Incorporation of endogenous urea nitrogen into amino acids of milk in goats fed diets with various protein levels
University of Warmia and Mazury, Department of Animal Nutrition and Feed Management, Oczapowskiego 5,10-718 Olsztyn, Poland
Publication date: 2014-08-20
Corresponding author
J. P. Michalski   

The Kielanowski Institute of Animal Physiology and Nutrition, Polish Academy of Sciences, 05-110 Jabłonna, Poland
J. Anim. Feed Sci. 2014;23(3):212-216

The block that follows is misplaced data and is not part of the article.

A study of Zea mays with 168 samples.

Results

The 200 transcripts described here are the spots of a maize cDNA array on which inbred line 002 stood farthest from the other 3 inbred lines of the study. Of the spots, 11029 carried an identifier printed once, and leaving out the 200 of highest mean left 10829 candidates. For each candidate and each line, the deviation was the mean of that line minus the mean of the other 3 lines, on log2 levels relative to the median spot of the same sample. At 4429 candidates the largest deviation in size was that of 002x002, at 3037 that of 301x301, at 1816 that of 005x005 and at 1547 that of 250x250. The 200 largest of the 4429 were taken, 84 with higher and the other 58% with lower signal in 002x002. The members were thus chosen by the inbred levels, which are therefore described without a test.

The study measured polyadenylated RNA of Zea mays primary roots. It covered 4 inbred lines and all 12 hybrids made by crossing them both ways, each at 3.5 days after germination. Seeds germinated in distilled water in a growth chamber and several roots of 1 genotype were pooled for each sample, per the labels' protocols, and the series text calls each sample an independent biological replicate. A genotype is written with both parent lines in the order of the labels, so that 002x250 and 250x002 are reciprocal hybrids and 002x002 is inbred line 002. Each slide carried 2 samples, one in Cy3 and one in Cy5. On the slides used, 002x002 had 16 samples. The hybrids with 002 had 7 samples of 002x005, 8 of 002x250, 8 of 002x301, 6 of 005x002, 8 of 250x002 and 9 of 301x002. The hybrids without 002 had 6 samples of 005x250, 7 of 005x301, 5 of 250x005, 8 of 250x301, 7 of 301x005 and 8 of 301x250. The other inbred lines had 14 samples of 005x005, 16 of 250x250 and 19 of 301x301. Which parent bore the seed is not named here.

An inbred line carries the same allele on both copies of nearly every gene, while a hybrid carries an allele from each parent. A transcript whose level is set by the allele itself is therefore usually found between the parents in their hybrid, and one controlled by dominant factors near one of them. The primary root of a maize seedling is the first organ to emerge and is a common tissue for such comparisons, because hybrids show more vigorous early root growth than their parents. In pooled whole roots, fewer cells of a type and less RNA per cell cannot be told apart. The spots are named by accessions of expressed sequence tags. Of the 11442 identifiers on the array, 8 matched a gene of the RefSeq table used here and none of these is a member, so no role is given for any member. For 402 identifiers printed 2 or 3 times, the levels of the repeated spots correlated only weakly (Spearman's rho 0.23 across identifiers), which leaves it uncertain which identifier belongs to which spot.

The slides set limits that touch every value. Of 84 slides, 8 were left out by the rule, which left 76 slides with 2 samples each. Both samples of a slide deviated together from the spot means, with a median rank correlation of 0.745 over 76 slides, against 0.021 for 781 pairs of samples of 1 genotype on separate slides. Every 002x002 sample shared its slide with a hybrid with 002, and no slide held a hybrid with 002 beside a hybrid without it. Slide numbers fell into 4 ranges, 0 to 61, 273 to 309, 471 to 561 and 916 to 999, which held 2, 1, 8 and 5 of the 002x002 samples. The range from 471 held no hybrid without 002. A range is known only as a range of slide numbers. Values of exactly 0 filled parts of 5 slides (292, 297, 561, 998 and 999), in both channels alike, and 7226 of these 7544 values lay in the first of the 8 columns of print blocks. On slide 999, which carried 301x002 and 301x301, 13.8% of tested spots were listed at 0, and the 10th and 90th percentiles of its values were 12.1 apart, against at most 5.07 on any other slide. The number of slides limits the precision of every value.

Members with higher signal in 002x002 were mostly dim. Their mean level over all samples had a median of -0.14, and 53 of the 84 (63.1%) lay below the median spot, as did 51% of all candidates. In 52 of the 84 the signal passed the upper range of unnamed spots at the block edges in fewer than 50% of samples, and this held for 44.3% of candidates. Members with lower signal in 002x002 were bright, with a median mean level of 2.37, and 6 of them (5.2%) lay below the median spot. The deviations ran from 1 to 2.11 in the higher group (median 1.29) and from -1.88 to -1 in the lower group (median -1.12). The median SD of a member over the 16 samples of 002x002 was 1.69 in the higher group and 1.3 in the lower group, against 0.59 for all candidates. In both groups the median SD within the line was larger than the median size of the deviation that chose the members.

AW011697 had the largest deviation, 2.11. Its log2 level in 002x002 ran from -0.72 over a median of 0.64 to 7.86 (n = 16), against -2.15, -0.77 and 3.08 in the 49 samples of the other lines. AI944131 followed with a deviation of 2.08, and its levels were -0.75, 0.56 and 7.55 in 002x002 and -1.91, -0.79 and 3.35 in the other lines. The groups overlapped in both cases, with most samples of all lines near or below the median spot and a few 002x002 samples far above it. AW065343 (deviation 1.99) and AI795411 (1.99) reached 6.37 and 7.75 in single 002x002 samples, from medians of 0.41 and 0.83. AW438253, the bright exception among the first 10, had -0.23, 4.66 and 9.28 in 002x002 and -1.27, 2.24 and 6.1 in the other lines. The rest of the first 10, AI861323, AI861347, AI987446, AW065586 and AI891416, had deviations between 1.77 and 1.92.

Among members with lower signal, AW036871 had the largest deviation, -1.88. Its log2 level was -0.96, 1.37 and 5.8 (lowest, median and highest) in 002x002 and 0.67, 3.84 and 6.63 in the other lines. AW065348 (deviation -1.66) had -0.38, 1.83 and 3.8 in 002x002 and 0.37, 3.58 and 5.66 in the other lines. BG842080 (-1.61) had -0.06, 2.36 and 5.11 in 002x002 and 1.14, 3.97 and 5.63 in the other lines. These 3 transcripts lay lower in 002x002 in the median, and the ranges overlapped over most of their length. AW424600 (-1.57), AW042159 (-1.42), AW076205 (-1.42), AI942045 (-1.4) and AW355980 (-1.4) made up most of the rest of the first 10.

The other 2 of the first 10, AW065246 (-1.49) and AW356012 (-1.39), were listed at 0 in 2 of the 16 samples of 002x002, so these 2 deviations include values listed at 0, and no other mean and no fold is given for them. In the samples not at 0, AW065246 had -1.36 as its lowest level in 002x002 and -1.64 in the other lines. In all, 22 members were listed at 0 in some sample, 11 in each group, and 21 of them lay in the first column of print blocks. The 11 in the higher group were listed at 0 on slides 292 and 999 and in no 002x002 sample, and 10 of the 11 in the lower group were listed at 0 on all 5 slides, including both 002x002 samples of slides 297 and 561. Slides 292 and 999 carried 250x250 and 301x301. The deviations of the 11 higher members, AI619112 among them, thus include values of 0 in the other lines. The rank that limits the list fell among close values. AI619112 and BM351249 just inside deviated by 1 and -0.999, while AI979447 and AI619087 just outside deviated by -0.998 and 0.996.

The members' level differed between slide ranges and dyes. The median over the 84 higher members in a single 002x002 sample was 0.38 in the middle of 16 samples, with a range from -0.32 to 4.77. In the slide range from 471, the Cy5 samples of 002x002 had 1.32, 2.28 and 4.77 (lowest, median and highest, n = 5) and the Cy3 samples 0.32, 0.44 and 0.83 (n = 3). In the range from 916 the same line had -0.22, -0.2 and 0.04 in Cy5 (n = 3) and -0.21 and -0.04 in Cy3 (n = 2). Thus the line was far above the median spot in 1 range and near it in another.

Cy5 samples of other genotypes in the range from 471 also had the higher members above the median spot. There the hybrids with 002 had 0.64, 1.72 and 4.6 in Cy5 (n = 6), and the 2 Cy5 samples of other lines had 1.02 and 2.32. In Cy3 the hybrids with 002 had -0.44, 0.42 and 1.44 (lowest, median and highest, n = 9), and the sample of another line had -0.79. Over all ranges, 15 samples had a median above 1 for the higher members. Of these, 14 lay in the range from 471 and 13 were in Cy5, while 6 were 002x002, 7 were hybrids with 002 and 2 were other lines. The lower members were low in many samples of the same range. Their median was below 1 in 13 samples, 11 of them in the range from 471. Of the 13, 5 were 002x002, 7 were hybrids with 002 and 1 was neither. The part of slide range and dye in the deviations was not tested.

The aim of the study was to estimate how much endogenous urea nitrogen (EUN) was incorporated into various amino acids of milk protein when goats were fed low (LP), medium (MP), or high protein (HP) diets in a 3 × 3 Latin-square design. Three Alpine goats of about 35 kg body weight fitted with a catheter into the jugular vein were fed isoenergetic diets containing 11% (LP), 13% (MP), or 16% (HP) crude protein in dry matter. They were continuously infused with 15N urea into the jugular vein for 6 days. Daily milk yield was 1.58, 1.49 and 1.77 g. Milk urea concentrations were 139, 342 and 451 mg · l–1, whereas plasma urea was 178, 356 and 667 mg · l–1 in groups LP, MP and HP, respectively. Samples of milk protein were hydrolysed with 6 M HCl, and then free amino acids were converted into butyl derivatives using HCl in butanol, followed by N-acylation using trifluoroacetic acid anhydride. The amino acid derivatives were analysed using a gas chromatograph equipped with a mass detector. 15N-excess after a six-day infusion of labelled urea was significantly higher (P < 0.05) in the vast majority of amino acids of milk protein from goats fed the LP diet in comparison with goats fed the HP diet. Therefore, the protein level of diets affects the incorporation of EUN into amino acids of milk protein. EUN was incorporated primarily into glutamic acid, methionine and arginine. At all levels of nitrogen in the diets, the incorporation of 15N into phenylalanine was very low.